New York based string quartet Brooklyn Rider epitomizes that movement within classical music which advocates ‘unfettered’ performances and a contemporary look, and has built a following on this image. Critics over the world have swallowed the bait, and when the group guested in Stockholm it also included a brief performance at an arrangement of Yellow Lounge (the DG label's ‘popular’ concept ) later that evening.

Brooklyn Rider © Sarah Small
Brooklyn Rider
© Sarah Small

Musically speaking, Brooklyn Rider is oriented in the same direction as the Kronos Quartet – mixing movements from the classical repertoire with new pieces which speak  the language of ‘world music’. In this case, it included music by Ljova, a Romanian composer from Bucharest, turned New Yorker, whose polyrhythmically explosive, florid pieces overflow with modality. Add to this how the group's own Colin Jacobsen integrates Persian imagery and sound worlds in a suite of musical miniatures. Indeed,  all of this adds up to fulfil the promise of an interesting afternoon. But ‘unfettered’? Well, having been spoiled with several generations of passionate, unbridled and unconventional chamber music playing on a high level here in Sweden alone, I'd like to take a closer look at this phenomenon with some critical distance.

The programme opened with the only existing movement of Franz Schubert's String Quartet in C minor D.703 – restless, moody and contemporary in its intensity. The anxiety-laden semiquavers chased over the strings, eyes met and temperaments connected in a piece which was a perfect concert opener, thanks to its popularity and brevity. The group plays standing up – like the similarly minded Brodsky Quartet – and presented the pieces in a friendly, non-condescending manner, lunging into the String Quartet no. 2, “Company” of fellow New Yorker Philip Glass.

And, lo and behold, the Glass quartet presents a mood of similar intensity, as though Vienna of the early 19th century and New York of the 2Oth century – and their inhabitants - have the same pulse, the same anxieties and desire to overbridge loneliness with company and intimacy. Granted, there is more of a laissez-faire attitude in the Glass quartet, as though the polish of modern living adds a layer of elusiveness to emotional expression when compared to the tortured nature of the Schubert.

All of that polish vanishes in a flash when the quartet becomes a Romany band, presenting glimpses of life in Romania. Culai by Ljova – New York immigrant Lev Zhurbin - is a homage to a legendary violinist and singer, whose temperamental virtuosity rips through the piece and generates images of the tarantella and funeral processions with riveting passion.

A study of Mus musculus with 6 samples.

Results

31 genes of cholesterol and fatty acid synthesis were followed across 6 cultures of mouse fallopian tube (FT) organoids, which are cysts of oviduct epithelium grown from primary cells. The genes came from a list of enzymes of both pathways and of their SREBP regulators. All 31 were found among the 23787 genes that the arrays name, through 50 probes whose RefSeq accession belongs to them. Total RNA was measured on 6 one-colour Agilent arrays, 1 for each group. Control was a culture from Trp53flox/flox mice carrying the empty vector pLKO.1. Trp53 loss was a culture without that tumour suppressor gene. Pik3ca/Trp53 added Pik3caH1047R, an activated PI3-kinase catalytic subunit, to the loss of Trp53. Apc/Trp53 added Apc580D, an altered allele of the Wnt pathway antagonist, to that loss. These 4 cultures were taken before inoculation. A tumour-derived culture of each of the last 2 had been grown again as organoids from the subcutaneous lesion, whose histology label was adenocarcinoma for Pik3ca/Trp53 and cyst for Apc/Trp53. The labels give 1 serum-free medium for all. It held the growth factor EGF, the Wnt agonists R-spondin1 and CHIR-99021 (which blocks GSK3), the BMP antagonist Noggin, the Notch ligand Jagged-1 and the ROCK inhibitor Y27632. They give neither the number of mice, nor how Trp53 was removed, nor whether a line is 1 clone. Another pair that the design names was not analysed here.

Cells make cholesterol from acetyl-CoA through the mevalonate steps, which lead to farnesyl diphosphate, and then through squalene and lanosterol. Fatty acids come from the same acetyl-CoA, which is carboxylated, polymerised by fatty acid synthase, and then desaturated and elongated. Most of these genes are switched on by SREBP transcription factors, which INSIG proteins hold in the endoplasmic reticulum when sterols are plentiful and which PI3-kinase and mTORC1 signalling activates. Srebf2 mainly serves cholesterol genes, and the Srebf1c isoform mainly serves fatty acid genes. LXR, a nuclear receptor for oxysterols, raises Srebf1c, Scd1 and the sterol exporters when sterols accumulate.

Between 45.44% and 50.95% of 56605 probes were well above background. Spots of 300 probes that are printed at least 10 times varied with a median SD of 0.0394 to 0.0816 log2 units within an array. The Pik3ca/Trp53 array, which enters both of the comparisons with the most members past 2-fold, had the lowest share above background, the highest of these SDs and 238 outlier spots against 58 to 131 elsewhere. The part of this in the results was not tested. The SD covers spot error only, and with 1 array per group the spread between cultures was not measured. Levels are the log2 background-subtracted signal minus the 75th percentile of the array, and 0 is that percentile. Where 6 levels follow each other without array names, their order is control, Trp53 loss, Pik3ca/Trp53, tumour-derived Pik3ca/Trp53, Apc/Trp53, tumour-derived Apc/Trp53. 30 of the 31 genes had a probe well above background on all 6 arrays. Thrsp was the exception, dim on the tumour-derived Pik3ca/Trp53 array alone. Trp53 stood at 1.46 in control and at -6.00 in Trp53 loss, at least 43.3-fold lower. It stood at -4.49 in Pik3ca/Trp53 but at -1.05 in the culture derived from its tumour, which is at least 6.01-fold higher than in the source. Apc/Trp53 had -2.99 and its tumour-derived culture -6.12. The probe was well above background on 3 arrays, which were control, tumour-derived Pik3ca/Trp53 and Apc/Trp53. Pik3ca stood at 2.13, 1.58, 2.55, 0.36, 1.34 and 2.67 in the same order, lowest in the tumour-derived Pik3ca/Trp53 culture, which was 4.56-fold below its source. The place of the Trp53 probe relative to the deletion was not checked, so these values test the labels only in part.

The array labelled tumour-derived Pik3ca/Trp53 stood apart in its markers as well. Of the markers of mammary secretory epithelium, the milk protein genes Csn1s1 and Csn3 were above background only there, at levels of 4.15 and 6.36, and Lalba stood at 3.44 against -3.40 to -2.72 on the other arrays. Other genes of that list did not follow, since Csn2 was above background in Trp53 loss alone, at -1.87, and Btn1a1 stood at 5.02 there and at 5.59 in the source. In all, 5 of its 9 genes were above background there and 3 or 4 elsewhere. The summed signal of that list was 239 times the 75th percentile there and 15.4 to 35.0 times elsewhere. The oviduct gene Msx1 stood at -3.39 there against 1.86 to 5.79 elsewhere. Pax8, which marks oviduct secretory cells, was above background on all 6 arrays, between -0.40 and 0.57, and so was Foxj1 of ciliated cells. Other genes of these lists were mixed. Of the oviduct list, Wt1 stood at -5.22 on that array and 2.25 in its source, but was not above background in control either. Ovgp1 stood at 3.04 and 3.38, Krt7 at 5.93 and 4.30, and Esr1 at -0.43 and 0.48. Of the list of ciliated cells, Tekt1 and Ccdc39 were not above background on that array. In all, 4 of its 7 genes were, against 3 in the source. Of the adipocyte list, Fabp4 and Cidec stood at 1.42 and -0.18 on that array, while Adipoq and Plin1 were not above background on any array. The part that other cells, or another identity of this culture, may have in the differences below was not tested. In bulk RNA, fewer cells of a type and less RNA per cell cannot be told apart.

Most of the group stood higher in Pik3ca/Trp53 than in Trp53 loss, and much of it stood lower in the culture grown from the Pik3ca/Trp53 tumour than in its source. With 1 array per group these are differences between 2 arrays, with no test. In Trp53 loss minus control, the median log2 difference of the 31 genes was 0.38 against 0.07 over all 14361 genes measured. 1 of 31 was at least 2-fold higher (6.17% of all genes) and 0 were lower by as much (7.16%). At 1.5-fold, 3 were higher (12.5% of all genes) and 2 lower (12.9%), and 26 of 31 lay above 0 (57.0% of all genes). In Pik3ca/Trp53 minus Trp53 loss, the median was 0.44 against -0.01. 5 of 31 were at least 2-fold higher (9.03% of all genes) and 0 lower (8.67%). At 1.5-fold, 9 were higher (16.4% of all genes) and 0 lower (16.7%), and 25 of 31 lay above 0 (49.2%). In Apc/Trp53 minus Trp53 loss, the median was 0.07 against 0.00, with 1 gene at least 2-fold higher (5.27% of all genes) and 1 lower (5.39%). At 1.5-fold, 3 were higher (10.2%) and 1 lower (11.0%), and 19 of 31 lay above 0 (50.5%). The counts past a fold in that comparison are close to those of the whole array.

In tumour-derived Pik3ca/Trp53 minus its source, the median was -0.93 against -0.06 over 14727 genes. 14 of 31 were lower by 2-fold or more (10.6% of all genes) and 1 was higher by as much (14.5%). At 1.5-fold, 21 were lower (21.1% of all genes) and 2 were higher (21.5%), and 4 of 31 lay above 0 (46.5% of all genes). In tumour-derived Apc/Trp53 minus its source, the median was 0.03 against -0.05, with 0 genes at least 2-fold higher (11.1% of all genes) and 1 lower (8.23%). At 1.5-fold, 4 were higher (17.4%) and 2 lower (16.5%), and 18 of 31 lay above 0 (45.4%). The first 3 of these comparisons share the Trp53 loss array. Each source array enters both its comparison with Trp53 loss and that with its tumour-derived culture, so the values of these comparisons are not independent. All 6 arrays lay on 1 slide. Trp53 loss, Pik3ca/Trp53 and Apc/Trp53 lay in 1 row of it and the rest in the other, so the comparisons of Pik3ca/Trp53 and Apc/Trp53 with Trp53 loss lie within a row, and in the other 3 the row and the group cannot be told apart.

The interval was followed by another Ljova piece, an arrangement of a Romanian ‘doina’, the traditional Romanian folk music which in this case comes out of the region surrounding the river Olt. Again, the playful, unpredictable flow of rhythms and melismas inspired the audience to unanimously warm applause.

The Ljova arrangement served as a perfect introduction to Bartók String Quartet no. 2 in A minor which, although more sombere and inward-looking, looks to similar folkloristic sources for material and inspiration. Even though Bartók harks back to the end of World War I, the atmosphere of lament and wounded sensibility is overwhelming. The group's rendition created a stark contrast to the exuberant, extrovert nature of the previous works, and caused the listener to reflect over different approaches to tragedy and loss.

The finale with Colin Jacobsen's Persian-inspired Three Miniatures opened yet another window to the East, with melodies and atmospheres imported from the world of his friend, the Persian musician Kayhan Kalhor. The vibratoless approach of the musicians and delicately spun patterns of the Persian melodies make for a poetic ending to this unusual programme.

Nevertheless, the claim for a “rock’n roll” approach to classical music had me reflecting even as the group performed that same evening at Yellow Lounge, the club-inspired concept initiated by their record company. There is nothing radically different about their approach to this considerably younger and less concentrated audience, even though they were surrounded by artificial smoke and wildly chasing patterns of lighting, and the instruments were amplified. I expected bows to break, sweat pouring from foreheads and hairy chests of musicians loosening their control, and crazy improvisations taking unexpectant audience members for a dance romp through the hall.

I’ve seen musicians the like of Martin Fröst, Bengt Forsberg, or Maxim Vengerov (the latter performing while imbibing shots of vodka), ripping pages of unknown music from an open suitcase in the middle of the night (Forsberg), or dancing in a nightclub to the tunes of an unbridled klezmer tune (Fröst). I think I expect more – or rather, less control - from a string quartet, or any classical musician, in order to apply the label “rock’n roll”.